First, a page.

This has been brewing for several weeks, but now it’s official: after heavy opposition and destructively-bad PR, Pandora has decided to walk away from its Internet Radio Fairness Act, or IRFA. The legislation, painted by Pandora founder Tim Westergren as a solution to equalize radio royalty rates and generate more income for everyone, was fiercely opposed as a mechanism to merely cheat artists through lowered royalty rates.
Representative Jason Chaffetz, a major Pandora supporter, told The Hill that another version of IRFA could hit the House floor. But at this point, without Pandora’s backing, the initiative seems completely dead. Apple, which largely struck its own deals with rights owners, has little interest in this sideshow.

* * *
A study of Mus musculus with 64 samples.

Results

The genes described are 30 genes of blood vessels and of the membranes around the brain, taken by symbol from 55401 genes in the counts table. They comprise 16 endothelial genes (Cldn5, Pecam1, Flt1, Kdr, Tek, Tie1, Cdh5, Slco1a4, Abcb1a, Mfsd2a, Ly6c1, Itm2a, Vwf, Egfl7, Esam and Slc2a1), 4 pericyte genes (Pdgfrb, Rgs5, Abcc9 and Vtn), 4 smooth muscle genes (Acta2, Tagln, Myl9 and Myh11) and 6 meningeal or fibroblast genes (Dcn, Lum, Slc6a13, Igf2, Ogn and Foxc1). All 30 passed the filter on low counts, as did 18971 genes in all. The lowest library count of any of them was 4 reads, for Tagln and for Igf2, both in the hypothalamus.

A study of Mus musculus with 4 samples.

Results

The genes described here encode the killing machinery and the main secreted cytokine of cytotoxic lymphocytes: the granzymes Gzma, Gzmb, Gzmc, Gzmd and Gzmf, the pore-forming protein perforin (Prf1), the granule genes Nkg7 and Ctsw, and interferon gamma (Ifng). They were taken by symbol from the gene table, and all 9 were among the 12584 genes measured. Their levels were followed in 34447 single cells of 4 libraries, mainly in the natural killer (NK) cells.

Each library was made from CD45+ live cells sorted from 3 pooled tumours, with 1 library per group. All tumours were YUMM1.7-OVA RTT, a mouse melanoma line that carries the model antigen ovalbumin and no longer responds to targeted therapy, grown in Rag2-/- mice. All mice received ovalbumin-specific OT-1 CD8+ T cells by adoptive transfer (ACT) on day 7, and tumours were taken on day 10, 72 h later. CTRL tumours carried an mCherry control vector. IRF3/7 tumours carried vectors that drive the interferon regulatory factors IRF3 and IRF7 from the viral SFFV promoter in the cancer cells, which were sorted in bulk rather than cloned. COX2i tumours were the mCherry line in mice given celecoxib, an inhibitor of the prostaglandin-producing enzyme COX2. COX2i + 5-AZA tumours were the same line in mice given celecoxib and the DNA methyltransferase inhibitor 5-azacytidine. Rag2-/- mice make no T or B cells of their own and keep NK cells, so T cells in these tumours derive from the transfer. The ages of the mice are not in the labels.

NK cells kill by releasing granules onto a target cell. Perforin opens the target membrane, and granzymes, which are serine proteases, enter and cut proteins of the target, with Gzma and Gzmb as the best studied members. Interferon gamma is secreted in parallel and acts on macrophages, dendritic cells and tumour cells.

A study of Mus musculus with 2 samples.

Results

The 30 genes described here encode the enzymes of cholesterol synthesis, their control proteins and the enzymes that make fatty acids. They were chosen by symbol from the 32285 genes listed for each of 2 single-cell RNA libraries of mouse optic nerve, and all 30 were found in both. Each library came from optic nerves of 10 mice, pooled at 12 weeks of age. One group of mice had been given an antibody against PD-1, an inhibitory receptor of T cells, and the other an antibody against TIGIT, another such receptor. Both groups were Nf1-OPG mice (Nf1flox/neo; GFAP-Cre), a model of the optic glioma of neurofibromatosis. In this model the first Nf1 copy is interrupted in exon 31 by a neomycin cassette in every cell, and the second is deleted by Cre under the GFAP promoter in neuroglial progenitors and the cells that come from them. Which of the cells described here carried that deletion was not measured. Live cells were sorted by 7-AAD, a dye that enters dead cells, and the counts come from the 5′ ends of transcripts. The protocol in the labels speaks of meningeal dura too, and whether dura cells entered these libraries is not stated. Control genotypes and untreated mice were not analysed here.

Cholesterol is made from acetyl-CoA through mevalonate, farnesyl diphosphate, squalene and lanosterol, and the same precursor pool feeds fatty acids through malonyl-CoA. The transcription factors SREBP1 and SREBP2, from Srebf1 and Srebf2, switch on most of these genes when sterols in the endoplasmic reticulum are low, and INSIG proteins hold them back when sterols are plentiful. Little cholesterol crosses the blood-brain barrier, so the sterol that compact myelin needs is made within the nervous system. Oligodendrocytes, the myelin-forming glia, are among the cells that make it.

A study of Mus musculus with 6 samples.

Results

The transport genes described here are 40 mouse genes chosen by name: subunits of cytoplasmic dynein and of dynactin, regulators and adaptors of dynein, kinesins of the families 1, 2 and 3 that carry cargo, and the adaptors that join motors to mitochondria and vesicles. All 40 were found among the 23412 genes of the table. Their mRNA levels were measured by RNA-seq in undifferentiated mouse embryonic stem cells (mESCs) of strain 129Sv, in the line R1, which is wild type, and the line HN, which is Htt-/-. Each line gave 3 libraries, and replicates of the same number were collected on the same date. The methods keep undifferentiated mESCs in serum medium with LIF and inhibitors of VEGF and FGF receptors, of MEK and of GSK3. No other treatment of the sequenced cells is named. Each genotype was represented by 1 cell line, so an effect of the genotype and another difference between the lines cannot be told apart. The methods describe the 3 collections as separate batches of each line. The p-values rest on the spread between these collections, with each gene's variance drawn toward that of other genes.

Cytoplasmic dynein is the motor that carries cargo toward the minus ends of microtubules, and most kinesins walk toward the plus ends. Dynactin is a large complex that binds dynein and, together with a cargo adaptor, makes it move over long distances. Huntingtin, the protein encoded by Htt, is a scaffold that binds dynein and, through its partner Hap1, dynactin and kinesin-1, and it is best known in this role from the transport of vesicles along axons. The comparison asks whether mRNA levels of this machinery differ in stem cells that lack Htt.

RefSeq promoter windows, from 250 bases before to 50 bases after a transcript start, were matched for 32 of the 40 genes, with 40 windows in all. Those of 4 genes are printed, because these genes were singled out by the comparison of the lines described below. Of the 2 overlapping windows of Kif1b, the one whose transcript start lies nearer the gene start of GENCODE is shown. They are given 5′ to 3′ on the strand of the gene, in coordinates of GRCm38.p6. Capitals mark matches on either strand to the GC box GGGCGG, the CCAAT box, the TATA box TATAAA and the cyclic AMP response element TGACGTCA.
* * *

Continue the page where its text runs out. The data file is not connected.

This doesn’t mean Pandora is giving up entirely, they just need to do it more quietly. “Pandora will focus on other paths of resolution,” a Pandora press person stated, while referring to an under-the-radar process involving the Copyright Royalty Board. Pandora’s Tim Westergren now has a policy of not corresponding with Digital Music News, based on ‘unfavorable’ coverage of IRFA, massive stock cashouts, and a very questionable campaign to rally artist support.
Opponents came from all corners on this one, including a massive number of songwriters and artists. The latter category included names like David Lowery and Pink Floyd, both of whom excoriated Pandora and Westergren for attempting to trick artists into debilitatingly-low royalty structures. The recording industry, including the major labels, also opposed IRFA and successfully rallied public and artist opinion against Pandora’s efforts.